Saudi Arabia’s Deputy Crown Prince Mohammed bin Salman al-Saud has confirmed the kingdom’s plans to list less than 5 per cent of Saudi Aramco, the biggest oil producer in the world.

Prince Mohammed, who has been driving the country’s agenda to add new revenue streams and cut its dependence on sale of hydrocarbons for revenues, said a listing will value Saudi Aramco at more than $2 trillion and all financial information related to Saudi Aramco will be disclosed.

In an interview with Saudi-based Al-Arabiya television, the deputy crown prince said he intends to convert Saudi Aramco into a holding company. It’s subsidiaries will also be listed and its board will be elected.

The economic plan for the period to 2030 has been developed by the Council of Economic and Developmental Affairs. Prince Mohammed heads the council which is also manages Saudi Aramco.

MEED reported in March that as part of its reform agenda, the kingdom has identified about 146 companies that could be privatised or sold to the public to unlock value in government-owned entities.

Saudi Aramco is on top of list state entities to be privatised and the government has already appointed advisors for a share sale on Saudi bourse.

The kingdom could IPO Saudi Aramco as soon as next year or in 2018 and transfer the remaining ownership to Public Investment Fund (PIF) to inflate its size to about $2 trillion, which will make it the biggest state fund in the world, according to Prince Mohammed’s interview with US-based news agency Bloomberg.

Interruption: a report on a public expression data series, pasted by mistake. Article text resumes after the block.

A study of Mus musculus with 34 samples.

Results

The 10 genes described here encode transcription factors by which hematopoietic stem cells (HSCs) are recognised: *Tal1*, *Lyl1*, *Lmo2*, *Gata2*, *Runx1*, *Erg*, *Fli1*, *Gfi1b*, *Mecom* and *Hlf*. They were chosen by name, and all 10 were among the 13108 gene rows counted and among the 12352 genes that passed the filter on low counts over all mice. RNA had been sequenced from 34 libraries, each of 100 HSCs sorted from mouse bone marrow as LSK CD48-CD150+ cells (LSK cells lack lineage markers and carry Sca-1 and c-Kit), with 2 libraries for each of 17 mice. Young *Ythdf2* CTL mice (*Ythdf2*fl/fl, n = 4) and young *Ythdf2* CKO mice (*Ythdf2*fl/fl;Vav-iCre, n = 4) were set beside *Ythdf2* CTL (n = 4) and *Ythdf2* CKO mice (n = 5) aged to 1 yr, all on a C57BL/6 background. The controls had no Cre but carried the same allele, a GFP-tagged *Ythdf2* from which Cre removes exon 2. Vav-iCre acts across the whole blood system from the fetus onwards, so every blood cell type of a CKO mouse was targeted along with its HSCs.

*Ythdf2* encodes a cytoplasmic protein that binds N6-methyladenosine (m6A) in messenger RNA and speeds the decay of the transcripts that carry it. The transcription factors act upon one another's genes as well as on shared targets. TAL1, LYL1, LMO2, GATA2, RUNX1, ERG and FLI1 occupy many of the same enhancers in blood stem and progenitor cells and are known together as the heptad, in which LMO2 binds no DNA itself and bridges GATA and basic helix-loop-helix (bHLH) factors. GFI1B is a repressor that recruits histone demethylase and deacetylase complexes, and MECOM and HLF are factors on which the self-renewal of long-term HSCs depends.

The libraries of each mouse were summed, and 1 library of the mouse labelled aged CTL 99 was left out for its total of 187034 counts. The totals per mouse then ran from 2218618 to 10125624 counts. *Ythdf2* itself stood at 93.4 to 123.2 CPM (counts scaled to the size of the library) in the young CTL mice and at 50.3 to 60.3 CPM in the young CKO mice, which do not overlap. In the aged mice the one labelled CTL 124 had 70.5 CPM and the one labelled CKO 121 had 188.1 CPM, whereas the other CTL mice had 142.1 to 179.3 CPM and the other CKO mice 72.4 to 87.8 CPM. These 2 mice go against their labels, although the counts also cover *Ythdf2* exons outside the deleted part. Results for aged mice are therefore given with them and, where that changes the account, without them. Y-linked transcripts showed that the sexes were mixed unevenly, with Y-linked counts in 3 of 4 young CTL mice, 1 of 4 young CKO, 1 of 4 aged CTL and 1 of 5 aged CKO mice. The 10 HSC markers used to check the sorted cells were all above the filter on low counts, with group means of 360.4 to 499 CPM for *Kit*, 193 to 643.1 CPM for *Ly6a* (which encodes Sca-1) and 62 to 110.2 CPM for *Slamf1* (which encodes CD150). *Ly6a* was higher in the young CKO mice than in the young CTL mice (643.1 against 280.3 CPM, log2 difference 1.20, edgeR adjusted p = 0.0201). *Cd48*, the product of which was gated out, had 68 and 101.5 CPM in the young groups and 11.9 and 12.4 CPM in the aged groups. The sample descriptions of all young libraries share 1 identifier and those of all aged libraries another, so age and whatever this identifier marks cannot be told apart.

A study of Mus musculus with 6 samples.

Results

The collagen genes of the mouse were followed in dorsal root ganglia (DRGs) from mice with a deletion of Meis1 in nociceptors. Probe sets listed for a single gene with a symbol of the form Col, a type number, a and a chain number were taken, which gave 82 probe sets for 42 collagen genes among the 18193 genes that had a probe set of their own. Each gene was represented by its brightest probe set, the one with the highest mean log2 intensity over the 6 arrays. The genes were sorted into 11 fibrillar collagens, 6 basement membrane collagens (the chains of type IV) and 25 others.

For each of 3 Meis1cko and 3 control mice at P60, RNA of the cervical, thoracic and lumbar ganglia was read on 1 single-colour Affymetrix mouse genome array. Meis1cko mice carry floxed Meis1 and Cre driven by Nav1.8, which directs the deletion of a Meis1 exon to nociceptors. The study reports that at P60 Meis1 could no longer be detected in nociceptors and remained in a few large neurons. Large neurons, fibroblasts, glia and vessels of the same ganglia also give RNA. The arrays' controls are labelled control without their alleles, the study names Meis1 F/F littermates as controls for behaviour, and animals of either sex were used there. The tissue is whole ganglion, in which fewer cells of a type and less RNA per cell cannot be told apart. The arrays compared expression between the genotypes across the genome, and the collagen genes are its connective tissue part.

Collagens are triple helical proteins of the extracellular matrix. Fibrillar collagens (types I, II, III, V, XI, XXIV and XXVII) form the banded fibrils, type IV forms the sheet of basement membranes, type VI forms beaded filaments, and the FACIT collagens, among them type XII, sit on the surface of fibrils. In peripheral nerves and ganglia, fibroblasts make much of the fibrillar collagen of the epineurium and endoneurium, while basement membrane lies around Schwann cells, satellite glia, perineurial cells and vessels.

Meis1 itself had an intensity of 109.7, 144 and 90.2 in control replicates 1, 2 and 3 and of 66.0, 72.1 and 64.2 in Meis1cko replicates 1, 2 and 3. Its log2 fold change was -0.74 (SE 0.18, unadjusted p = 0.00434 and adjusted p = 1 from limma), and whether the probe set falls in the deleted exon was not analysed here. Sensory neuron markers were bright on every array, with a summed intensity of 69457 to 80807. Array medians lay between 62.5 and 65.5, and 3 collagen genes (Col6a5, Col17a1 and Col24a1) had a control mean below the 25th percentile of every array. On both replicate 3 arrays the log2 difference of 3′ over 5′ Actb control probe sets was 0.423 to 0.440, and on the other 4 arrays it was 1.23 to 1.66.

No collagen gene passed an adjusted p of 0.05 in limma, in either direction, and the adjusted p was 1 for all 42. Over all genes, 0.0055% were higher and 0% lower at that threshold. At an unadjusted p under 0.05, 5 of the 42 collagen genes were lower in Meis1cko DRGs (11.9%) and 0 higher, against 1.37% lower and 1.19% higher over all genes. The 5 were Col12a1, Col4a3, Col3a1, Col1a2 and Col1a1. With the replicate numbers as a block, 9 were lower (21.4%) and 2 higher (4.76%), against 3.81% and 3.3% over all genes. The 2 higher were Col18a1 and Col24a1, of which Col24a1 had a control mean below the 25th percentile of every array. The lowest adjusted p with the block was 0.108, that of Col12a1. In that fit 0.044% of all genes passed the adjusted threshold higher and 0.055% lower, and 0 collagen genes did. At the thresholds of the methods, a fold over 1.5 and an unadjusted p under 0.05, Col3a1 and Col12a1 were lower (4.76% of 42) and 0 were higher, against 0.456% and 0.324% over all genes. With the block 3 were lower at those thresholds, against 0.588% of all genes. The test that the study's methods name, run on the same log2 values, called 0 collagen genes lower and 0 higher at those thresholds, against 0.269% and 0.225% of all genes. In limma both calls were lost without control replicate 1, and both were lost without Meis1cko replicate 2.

Saudi Arabia’s Public Invetsment fund, which made returns of $8bn in 2015 will turn the kingdom into a global investment power.

The prince claimed the kingdom will be able to live without oil in 2020, and added that the economic vision would not be linked with the oil price.

“We have an addiction to oil,” he told Al-Arabiya. “This is dangerous… it has delayed the development of other sectors.”

The prince said that the kingdom will continue to spend on the Infrastructure projects and the country’s reform plan will not require major spending but will involve restructuring. The government would restructure the Housing Ministry to help more citizens buy homes.

The state subsidies should not go to the rich and the prince said he aimed to reduce unemployment among Saudi nationals to 7 per cent from 11.6 per cent.